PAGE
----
Rotarians prepare for annual Christmas Carol Festival

It has been a part of Lacombe’s Christmas tradition for the better part of the last six decades.

  • Nov. 28, 2013 2:00 p.m.

It has been a part of Lacombe’s Christmas tradition for the better part of the last six decades.

On Dec. 3 and 4, the Rotary Club of Lacombe, assisted by the Lacombe Daybreak Rotary Club, will be holding the 58th annual Christmas Carol Festival at the Lacombe Memorial Centre.

Bev Randell, one of the lead organizers of this year’s event, has been involved with the festival for about 15 years. He said that the long-standing tradition is one way the Rotary Club hopes to enhance the community’s Christmas spirit.

“We’re adding to making Christmas a special time of year,” said Randell. “Just another way of building community spirit.”

Only four years after forming, the Lacombe Rotary Club began hosting the festival in 1955. Randell said it was and still is done as a way to provide an opportunity for local music groups and choirs to perform for the public.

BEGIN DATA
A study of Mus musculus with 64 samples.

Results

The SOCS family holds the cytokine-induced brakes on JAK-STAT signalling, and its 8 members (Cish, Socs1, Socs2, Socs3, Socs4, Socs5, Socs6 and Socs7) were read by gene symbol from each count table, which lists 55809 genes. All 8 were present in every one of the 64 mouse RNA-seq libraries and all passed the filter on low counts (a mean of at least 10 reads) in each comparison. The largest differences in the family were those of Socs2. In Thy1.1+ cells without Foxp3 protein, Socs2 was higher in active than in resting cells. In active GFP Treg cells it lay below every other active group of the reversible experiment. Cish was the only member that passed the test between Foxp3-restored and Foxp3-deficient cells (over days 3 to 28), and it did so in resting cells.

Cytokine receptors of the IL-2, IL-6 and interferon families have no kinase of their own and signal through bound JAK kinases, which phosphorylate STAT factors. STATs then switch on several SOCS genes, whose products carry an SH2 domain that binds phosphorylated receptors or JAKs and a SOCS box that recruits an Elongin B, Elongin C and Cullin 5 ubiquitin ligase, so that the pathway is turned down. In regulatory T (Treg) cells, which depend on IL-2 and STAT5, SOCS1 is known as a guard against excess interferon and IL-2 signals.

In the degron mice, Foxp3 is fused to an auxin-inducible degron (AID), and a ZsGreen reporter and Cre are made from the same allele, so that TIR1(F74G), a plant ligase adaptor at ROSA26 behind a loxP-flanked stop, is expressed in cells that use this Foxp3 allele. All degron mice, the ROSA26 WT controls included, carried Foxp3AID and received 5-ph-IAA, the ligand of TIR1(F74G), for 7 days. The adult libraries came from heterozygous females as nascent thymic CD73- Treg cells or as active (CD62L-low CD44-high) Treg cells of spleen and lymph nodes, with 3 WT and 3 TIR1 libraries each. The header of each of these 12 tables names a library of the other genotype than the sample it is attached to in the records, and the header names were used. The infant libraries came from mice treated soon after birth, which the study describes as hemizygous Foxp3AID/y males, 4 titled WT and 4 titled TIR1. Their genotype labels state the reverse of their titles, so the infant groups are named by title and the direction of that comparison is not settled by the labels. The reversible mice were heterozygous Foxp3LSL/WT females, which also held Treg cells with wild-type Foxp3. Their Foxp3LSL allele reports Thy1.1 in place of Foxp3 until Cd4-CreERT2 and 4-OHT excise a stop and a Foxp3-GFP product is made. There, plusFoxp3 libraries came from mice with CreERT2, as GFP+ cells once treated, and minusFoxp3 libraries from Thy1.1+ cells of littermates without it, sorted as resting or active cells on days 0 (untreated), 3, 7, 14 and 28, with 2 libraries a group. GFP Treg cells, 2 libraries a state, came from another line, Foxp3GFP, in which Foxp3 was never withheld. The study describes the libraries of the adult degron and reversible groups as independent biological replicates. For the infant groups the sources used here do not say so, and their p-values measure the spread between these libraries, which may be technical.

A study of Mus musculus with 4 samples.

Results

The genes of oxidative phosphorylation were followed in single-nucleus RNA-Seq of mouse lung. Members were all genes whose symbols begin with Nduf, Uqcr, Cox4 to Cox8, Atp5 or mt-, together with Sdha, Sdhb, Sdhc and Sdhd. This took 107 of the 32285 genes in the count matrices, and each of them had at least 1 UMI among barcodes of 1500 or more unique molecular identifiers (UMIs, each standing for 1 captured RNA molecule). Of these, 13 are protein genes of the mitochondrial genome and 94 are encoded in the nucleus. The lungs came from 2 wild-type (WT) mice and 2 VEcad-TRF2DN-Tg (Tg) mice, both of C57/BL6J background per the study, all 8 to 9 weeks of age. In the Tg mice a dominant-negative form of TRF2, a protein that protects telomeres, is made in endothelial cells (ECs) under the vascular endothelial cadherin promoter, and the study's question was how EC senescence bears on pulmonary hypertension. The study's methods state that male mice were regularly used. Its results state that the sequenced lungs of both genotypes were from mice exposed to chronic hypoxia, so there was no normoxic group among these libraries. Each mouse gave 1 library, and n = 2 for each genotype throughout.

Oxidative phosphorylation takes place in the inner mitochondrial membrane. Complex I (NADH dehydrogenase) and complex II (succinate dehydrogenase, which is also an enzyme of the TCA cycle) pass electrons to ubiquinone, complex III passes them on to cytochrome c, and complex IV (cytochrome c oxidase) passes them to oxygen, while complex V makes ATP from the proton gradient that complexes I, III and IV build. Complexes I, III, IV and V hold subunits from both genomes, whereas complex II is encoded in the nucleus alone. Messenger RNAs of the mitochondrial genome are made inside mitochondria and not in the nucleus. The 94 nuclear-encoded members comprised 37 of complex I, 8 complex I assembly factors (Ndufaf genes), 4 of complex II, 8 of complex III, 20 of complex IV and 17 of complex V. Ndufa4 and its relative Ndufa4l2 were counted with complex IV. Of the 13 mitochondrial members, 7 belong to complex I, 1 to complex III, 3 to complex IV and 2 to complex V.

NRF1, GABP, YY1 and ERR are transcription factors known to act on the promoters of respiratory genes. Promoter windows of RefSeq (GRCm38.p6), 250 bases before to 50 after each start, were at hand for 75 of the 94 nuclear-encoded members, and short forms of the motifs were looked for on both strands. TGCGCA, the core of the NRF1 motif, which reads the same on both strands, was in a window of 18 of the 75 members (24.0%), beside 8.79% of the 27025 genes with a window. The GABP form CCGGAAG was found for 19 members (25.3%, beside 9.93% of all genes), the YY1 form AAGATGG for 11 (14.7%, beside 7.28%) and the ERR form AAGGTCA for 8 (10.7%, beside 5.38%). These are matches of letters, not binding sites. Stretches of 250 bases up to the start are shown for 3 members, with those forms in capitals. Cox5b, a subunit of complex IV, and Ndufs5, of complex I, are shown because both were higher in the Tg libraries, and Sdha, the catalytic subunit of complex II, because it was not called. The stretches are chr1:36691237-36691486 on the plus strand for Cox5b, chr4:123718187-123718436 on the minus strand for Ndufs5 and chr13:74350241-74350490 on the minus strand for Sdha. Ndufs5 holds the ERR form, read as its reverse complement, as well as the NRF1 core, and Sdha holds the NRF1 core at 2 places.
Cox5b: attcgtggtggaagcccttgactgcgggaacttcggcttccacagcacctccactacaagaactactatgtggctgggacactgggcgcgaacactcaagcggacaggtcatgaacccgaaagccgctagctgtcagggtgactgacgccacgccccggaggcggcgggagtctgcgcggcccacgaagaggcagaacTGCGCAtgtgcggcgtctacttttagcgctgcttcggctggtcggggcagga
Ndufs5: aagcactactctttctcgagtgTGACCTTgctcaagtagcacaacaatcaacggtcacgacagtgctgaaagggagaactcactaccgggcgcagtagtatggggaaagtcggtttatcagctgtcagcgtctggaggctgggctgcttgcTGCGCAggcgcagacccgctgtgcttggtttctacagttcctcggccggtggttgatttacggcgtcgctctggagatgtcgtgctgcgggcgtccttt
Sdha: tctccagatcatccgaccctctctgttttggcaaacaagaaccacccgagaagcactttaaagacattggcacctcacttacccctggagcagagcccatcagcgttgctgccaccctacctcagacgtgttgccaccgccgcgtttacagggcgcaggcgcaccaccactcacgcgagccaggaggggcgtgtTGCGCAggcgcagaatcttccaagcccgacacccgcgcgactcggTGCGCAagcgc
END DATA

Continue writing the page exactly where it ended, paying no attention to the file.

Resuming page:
At that time all the local churches had choirs. Now, there are fewer choirs and fewer student concerts in the schools, he added.

Nonetheless it is still a popular event today.

Randell said that there is still a great turnout for the festival every year. He said there is always a full house and sometimes even a little “overflow.”

Preparation in the earlier days was very different as well.

Randell said it was days of baking cookies and making sandwiches for the ladies and there were hundreds of tin stars, made from old Esso oil cans, cut out to decorate the hall.

Randell said he is disappointed that there are less music programs in schools and fewer choirs in the community than there once were. He said he sees music as a way for people to improve all facets of themselves and not just in the arts sectors.

While Randell and the Rotarians may not be able to do much in way of changing that, he said they are glad to provide a venue to those who still do wish to partake in musical endeavors.

“We can at least provide a venue for those people who are still trying to have music in the community,” said Randell. “Music is still fun and it’s something we should encourage any way we can. We (the Rotarians) do this to a small degree with (the festival).”

The Christmas Carol Festival will be held at 7 p.m. on Dec. 3 and 4 at the Lacombe Memorial Centre. Admission is free but food bank items or cash donations to the food bank will be accepted to help meet the increased demands of the Christmas season.